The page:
The Department of Justice rarely indicts people it has no genuine hope of prosecuting, but an exception was recently made in the case of two Chinese nationals, Wan Li Yuan and “Jason Jiang” (true name unknown). The men, who will surely not be foolish enough to travel to these shores again, are alleged to have gotten their hands on some devices manufactured by Lattice Semiconductor—devices that, because they have obvious military applications, are not supposed to be exported without government clearance. What is astounding about the case is the elegance of the subterfuge employed by Yuan and “Jiang,” who took a page out of the con-man playbook by taking advantage of an unsuspecting intermediary. The whole devious plot is outlined in the richly detailed indictment (PDF):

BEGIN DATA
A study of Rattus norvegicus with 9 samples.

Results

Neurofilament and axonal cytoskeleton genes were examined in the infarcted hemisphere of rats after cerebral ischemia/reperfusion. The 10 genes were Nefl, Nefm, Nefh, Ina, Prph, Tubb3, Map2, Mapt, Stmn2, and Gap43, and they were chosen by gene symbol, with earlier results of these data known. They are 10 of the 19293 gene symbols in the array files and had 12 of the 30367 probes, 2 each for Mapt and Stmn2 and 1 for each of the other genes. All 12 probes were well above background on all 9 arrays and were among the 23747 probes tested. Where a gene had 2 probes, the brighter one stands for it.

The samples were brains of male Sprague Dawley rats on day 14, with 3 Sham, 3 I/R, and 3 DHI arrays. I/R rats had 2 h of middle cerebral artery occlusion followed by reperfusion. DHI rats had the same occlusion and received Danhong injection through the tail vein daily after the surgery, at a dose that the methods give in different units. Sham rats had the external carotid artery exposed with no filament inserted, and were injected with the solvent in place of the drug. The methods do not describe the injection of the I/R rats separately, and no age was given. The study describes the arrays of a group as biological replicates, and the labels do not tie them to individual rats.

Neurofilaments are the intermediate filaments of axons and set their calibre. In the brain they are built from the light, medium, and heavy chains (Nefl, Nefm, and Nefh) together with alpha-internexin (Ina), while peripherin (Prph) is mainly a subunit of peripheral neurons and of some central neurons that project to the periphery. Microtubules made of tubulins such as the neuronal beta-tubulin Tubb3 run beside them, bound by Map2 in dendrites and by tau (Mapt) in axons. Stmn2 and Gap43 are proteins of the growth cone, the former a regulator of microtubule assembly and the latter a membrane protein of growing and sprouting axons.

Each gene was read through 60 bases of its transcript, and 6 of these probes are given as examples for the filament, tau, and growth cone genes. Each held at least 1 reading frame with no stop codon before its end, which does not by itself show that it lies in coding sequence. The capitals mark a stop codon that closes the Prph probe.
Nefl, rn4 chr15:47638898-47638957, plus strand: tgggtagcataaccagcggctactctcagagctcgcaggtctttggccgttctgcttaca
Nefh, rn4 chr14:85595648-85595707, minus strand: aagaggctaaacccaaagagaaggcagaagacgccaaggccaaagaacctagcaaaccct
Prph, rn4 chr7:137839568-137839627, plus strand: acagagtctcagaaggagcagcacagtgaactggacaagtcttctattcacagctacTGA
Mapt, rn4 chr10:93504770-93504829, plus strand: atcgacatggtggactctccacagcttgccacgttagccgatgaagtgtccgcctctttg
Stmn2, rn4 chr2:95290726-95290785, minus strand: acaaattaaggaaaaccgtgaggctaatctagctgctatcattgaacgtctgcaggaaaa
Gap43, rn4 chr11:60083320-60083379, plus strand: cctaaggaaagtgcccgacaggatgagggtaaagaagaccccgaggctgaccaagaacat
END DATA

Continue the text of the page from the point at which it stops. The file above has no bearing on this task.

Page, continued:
Defendant Wan Li Yuan falsely claimed to be a person named Nicholas Bush, and falsely claimed to be an employee of Company A, a company located in New York. Defendant also falsely claimed that Company A had a website. In reality, defendant was associated with a China-based company called China Wingwish Group Co., Ltd., which was involved in the procurement of dual-use electronic goods…
On or about April 6, 2010, defendant Wan Li Yuan, aka Wanli Yuan, aka Nicholas Bush, aka Nick Bush, aka Tony Yuan, caused a website to be created which falsely indicated that the website belonged to Company A of New York. Much of the design and wording on this fictitious website was copied from the website of a legitimate Canadian company with no connection to or association with defendant or his business or the business of Company A of New York.
Granted, Yuan seemed to build a fake site somewhat more sophisticated than, say the one for Jukt Micronics. But you have to think a simple Google search could have spared everyone a lot of heartache and loss. Simple frauds can be undone by simple measures.